Former Human Services Department secretary Sidonie Squier is leaving the state and spoke to the Santa Fe Reporter.
The Reporter also wove in some emails with some comments Squier wrote that showed she was not an ideal match for either the state or the Susana Martinez administration.
She described herself as a “red girl” and New Mexico as “a very blue state.”
But she didn’t match up well with the pragmatism of the Susana Martinez administration on issues like expansion of Medicaid, as found by emails that the Reporter obtained through the Inspection of Public Records Act.
From the Reporter:
In an April 2012 email, Matt Kennicott, spokesman for the department, wrote to Squier that Gov. Susana Martinez was “too afraid” to speak out against the federal expansion of Medicaid through President Barack Obama’s Affordable Care Act. Medicaid subsidizes medical insurance with federal taxpayer money for individuals living up to 138 percent of the federal poverty level (that’s almost $16,000 in annual salary for a single person).
“Why Matt?” replied Squier. “Why is the [governor’s office] so weak on this issue?”
“It all boils down to polling and not saying something that will upset the approval numbers,” Kennicott wrote back.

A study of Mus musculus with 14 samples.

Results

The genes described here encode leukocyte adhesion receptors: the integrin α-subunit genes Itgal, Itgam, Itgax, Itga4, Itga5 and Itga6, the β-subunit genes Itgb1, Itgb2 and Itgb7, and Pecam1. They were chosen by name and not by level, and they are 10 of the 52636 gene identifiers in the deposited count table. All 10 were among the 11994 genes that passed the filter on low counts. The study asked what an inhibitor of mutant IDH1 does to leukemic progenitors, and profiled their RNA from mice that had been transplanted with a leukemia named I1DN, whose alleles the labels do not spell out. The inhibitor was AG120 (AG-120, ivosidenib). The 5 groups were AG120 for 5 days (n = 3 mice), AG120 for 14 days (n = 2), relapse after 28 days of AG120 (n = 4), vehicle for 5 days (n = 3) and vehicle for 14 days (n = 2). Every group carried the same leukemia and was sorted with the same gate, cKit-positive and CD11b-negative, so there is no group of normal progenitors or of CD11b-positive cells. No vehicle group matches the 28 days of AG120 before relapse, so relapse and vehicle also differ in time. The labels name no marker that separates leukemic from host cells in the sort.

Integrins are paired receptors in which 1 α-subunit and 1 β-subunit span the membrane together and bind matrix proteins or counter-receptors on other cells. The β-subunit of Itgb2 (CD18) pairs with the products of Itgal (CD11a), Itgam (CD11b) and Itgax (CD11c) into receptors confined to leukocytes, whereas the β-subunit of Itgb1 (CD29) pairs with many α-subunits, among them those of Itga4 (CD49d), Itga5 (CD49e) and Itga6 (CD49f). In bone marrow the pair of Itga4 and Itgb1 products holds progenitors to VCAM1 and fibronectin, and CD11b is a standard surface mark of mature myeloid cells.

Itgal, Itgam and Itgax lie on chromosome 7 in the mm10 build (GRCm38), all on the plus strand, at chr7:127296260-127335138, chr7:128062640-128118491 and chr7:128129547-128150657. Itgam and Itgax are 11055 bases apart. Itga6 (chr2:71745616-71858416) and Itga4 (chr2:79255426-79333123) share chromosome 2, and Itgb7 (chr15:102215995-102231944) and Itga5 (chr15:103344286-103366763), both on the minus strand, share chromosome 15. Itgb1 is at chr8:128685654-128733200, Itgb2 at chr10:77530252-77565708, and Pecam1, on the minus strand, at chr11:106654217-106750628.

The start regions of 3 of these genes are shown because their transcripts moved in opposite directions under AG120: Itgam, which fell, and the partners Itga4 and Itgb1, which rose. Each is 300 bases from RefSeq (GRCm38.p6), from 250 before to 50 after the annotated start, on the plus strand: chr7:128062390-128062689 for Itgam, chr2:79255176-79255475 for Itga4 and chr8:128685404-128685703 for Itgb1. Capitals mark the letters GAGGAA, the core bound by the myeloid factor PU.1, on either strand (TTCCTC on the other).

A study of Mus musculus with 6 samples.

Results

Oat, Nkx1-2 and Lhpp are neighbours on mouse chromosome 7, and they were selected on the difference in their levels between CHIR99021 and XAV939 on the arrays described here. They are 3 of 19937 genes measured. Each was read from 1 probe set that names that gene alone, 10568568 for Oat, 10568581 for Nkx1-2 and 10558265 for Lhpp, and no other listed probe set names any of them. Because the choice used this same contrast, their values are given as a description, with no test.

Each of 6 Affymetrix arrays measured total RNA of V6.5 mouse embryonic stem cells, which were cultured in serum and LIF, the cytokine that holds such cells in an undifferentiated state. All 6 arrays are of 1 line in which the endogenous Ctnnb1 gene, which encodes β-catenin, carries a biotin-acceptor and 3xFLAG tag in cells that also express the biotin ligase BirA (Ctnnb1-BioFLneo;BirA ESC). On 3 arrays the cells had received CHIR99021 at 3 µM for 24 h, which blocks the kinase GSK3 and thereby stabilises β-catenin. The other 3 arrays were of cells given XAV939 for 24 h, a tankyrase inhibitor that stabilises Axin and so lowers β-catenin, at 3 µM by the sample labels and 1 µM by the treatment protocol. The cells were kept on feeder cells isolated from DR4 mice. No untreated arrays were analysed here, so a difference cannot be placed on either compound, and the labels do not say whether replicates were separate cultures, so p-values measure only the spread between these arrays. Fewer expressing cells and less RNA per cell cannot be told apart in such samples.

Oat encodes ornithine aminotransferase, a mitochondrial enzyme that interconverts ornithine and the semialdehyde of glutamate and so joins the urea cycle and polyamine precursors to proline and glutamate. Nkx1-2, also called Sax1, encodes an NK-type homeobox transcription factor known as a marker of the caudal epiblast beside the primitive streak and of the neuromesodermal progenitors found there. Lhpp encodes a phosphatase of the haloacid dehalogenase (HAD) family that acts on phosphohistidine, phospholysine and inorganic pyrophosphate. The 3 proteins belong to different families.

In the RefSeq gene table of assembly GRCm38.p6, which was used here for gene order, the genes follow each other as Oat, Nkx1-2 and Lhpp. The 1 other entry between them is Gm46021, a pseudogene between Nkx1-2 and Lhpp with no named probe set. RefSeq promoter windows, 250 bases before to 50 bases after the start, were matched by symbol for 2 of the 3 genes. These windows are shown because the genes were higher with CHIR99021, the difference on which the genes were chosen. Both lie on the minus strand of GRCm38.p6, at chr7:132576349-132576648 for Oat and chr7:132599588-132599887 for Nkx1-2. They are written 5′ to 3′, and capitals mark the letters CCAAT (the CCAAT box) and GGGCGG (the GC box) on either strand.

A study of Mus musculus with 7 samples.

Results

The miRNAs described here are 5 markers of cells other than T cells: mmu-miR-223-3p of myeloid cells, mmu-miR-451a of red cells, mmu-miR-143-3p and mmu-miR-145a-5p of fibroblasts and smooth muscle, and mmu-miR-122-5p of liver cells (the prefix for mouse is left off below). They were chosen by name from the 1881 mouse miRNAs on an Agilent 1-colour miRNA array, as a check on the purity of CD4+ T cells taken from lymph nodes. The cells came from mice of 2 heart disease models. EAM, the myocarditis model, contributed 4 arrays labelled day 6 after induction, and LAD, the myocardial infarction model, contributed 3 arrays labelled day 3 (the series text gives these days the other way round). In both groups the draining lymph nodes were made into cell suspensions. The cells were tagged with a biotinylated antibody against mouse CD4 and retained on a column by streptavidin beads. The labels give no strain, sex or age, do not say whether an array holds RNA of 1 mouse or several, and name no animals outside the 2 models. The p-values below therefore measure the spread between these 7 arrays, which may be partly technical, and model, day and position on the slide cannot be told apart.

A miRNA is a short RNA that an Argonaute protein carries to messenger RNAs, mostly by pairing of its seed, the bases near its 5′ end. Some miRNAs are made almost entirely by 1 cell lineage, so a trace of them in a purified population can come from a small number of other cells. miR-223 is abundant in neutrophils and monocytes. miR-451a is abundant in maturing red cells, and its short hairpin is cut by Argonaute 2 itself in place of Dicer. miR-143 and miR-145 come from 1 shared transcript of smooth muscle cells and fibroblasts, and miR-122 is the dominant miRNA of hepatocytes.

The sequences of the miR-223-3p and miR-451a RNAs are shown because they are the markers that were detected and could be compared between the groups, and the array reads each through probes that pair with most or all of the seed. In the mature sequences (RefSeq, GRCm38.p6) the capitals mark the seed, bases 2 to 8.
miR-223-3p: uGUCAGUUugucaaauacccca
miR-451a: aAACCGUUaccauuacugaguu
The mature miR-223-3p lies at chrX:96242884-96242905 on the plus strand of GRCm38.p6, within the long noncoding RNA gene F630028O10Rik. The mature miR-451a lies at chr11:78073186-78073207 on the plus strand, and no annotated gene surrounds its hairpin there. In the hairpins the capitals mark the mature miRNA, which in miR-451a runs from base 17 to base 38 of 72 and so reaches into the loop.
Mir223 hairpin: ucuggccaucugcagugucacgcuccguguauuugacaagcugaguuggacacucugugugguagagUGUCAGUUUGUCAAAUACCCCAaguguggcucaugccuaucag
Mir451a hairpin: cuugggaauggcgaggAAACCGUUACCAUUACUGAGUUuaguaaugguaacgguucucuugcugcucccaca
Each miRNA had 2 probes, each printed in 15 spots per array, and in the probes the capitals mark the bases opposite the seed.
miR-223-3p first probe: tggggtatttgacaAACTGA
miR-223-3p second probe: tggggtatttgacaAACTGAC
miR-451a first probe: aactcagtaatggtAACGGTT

Squier’s tenure as head of HSD wasn’t without controversy. An email Squier sent in 2013 said, “There has never been and is not now any significant evidence of hunger in New Mexico.”
Her office is in charge of SNAP benefits, which provides funding for low-income New Mexicans.
Squier also oversaw HSD in a time when the department suspended funding for New Mexico behavioral health provider because of an audit that remains largely under wraps.
These transgressions led the state Senate to consider a no-confidence vote against Squier, though the actual vote never took place on the Senate floor.
Squier’s resignation means she will not have to face confirmation for a second time. A change to the state constitution in 2008 means that cabinet secretaries who stay on for a governor’s second term could face a second confirmation hearing and vote.
As for what likely-more red state Squier will move to, she told the Reporter she isn’t sure yet, though her husband works for a Virginia-based government relations firm.